Monday, April 28, 2008

On the bookshelf

The 13th Tale coverIt gladdens one's heart when a first-time writer produces a thoroughly engaging piece of work. I had a hard time putting down Diane Setterfield's The Thirteenth Tale, a mesmerizing story with all the gothic allure of a nineteenth-century novel, with none of the plodding and not a single unbelievable plot twist. Everything fit together in the end like an intricate puzzle. Rare is it these days for me to shelve a book with such a feeling of satisfied loss, for as much as I shall miss the characters I know that they are at peace and have no need to enter my life again, save during moments of introspection.

This is a perfect book for those who love books, ghost stories in particular —The Turn of the Screw leapt to mind numerous times — and a well-turned phrase.

P.S. The website for the book is the coolest. Be sure to check it out:


A W O L...R

Away Without Leave...Reading

After discovering the pleasures of Holly Black's YA novels during our recent vacation to Los Angeles, I've been able to do little beyond read, sleep and, on occasion, attend to crucial domestic duties. Note that I'm referring to Black's "modern faerie tales" aimed at youth slightly older than readers of The Spiderwick Chronicles, of which Black is co-author with Tony DiTerlizzi.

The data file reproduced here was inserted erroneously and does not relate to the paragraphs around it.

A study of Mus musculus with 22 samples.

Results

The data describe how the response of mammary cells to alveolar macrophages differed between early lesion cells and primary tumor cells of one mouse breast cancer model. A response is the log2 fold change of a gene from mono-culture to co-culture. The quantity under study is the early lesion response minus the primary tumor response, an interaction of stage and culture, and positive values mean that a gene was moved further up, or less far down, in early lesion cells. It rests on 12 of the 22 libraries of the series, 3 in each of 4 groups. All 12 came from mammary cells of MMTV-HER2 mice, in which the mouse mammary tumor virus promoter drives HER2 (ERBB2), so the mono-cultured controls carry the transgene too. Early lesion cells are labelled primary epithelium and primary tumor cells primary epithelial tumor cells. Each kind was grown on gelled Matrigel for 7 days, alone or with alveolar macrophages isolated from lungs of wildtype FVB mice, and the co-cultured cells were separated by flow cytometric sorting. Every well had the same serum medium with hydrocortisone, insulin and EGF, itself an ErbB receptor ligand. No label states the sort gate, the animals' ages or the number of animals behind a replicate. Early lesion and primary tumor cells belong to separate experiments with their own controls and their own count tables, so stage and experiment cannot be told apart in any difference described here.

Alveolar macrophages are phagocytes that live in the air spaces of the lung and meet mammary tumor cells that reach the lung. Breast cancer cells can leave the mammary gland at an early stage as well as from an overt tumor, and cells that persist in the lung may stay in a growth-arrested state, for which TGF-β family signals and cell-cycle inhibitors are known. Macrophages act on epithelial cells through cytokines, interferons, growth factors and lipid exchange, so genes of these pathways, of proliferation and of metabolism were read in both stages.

ironside coverIf you happen to have any teenagers in the household—the back cover of Tithe categorizes the fiction as appealing to ages 14 and up—do give Holly Black's books a try. Faeries are dark in this modern tale, the worst of the lot motivated by greed, revenge, even downright sadism, and the majority are no fans of humans; however, that doesn't stop an angst-ridden teen (in Valiant) and a half-human/half-pixy (in Tithe and Ironside) from falling head over heels in love with (respectively) a fierce but gentle-hearted troll and a goth faery knight.

The trilogy is dark, frightening, and, best of all, wildly entertaining. Featuring heroines that are flawed, vulnerable, and yet, when push comes to shove, utterly courageous, these novels top my 2008 best-book list.